We examined Dell's new Studio line back in August and found an excellent 15in laptop, but one that was undermined by Dell's confusing pricing structure. Despite sitting just below Dell's own XPS range of laptops, it wasn't that much cheaper - which made the Studio 15 look like a poor deal. Would the larger 17in Studio laptop suffer the same fate and lose out to the Dell XPS M1730?
Appearance-wise, at least, the Studio is an instant success. It has the same row of white LEDs and "topographical" lines that we liked on the Studio 15 and there are plenty of customisation options, with 19 designs available for the lid alone. What's more, some of them are rather nice. If you opt for an alternate colour scheme you won't pay extra, but the designed lids cost an additional $98.
There are also lots of practical benefits to the Studio. The large trackpad is sunken into the sturdy chassis, has horizontal and vertical scroll areas, and the accompanying mouse buttons are both comfortable and light.
The keyboard is comfortable too. It's full-size with a separate number pad, and despite the slightly odd design - the top of each key stands slightly proud of the main body - it's a pleasure to type on.
The final part of the ergonomic puzzle - the glossy 17in LCD - isn't quite as good, partially because the native resolution of 1440 x 900 isn't up to the 1920 x 1200 offered by other 17in laptops we've reviewed. As with virtually every other aspect of the Studio 17, though, you can customise this - upgrading to a 1920 x 1200 resolution adds $270 to the price.
With the default screen in place, we'd be wary of using the Studio 17 for anything demanding picture-perfect colour reproduction: deep blacks and bright whites lacked definition, and we detected a slight green hue. Colours in games and movies also seemed a little pale. Despite this, detail is sharp and the screen is certainly good enough for general work or surfing the web.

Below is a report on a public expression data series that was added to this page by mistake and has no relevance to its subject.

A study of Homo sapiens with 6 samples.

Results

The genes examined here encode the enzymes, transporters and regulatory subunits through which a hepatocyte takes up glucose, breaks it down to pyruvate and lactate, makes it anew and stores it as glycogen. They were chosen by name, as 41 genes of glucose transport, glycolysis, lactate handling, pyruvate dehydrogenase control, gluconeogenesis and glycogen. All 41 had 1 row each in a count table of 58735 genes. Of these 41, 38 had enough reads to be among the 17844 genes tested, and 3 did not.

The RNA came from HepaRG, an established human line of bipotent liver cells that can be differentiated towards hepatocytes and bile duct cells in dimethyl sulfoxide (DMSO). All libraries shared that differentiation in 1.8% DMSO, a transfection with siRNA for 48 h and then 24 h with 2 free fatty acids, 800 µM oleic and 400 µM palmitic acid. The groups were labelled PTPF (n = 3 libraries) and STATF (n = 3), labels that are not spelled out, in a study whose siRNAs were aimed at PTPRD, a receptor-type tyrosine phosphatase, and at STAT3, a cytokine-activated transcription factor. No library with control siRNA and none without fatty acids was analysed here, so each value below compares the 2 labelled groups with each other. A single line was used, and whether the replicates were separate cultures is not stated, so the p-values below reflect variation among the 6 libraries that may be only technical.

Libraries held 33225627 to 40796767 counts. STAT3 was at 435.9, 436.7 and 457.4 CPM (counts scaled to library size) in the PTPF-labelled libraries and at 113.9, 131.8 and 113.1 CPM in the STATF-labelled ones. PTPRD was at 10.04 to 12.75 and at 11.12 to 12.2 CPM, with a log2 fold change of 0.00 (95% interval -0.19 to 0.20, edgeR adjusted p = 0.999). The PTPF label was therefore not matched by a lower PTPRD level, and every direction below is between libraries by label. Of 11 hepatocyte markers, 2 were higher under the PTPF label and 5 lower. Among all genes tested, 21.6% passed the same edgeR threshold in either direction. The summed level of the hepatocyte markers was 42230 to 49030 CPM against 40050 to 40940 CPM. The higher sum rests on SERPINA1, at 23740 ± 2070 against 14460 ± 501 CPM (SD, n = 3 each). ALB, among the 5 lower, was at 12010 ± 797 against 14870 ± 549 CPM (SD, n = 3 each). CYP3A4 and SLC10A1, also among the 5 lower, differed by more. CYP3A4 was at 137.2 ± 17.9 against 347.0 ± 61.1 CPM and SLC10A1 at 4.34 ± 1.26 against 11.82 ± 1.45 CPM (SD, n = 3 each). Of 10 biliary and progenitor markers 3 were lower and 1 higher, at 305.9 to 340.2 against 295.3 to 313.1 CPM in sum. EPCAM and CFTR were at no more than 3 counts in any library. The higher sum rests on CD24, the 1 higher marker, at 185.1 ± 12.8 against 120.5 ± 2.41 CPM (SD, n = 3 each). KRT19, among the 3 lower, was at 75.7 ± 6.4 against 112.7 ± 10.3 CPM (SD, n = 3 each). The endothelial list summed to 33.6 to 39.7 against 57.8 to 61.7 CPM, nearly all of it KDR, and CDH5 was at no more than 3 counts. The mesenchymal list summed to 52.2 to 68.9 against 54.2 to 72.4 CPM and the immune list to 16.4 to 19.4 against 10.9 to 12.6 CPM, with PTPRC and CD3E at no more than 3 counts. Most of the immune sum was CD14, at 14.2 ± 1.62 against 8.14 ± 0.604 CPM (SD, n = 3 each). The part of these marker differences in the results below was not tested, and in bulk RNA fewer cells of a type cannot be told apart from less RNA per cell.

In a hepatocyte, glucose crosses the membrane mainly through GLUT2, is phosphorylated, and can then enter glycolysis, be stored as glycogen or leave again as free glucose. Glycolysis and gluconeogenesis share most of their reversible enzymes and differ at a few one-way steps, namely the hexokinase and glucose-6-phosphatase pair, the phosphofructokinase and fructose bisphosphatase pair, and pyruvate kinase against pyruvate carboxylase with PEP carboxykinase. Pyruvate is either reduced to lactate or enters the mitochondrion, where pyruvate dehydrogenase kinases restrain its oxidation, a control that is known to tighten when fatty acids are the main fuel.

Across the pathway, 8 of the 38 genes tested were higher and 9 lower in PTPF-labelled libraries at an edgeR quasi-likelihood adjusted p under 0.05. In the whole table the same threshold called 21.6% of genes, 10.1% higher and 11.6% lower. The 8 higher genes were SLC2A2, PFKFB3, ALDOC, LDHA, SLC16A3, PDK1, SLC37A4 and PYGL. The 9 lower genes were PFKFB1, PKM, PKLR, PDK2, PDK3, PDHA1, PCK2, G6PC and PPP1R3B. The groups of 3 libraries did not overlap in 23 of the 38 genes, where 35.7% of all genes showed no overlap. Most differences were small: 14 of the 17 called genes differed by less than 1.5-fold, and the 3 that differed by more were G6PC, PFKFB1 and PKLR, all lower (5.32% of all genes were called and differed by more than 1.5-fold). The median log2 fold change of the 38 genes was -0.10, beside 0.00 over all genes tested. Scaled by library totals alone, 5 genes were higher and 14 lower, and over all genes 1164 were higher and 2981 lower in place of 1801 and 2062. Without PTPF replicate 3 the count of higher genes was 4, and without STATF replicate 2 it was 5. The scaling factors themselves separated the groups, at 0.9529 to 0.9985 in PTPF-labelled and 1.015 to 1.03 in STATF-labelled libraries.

You're offered yet more choice when it comes to the processor. The most basic model uses a Core 2 Duo 6400 Dual-Core, but a laptop such as this deserves more oomph. We'd recommend the 2.53GHz Intel's Core 2 Duo T9400 - for 6MB cache and 1066 FSB - over the base CPU or the alternate T6600 with 2MB cache and 800 FSB.
Supported by 4GB of RAM, the Studio 17 powered to a score of 1.35 in our 2D benchmarks - a mite slower than the A-Listed Asus M51Va. If you don't need this much power, the T6600 shaves $460 from the price.
The Studio 17 is available with either Intel or ATI's Mobility Radeon HD 3650 graphics - a step up from the Studio 15's HD 3450. In our low-quality Crysis test, the ATI-equipped Studio 17 managed a playable 39fps, with this figure dropping to 13fps when we upped the quality to medium and the resolution to 1280 x 1024. That's quick for a laptop, and compares favourably to the Asus M51Va, which uses the same graphics chip.
The powerful core components mean battery life isn't great. The Studio 17 managed 2hrs 30mins in our light-use test, with this figure falling to 1hr 17mins in our demanding heavy-use test. It isn't a hugely damning result, though, for a laptop that won't leave the mains too often.
There are four USB ports, plus eSATA, mini-FireWire, VGA and HDMI. Add an SD card reader, ExpressCard/54 slot, draft-n WLAN and Gigabit Ethernet and this Dell becomes one of the most well-connected laptops we've come across.
The review sample also included a 320GB hard disk, though you can opt for 500GB for $210 more or save $80 if you can live with a slower 250GB drive. But the problem for Dell is the cost of upgrades; if you want a Blu-ray drive, the price increases to $2725.
Make no mistake, the Studio 17 is an excellent laptop, but Dell's exquisite design is again undermined by price.
If you make a minor increase to your budget and spend it on an XPS M1730 or Asus' M51Va, you'll get either a more powerful gaming machine with oodles of power or an extremely competent, high-definition desktop replacement.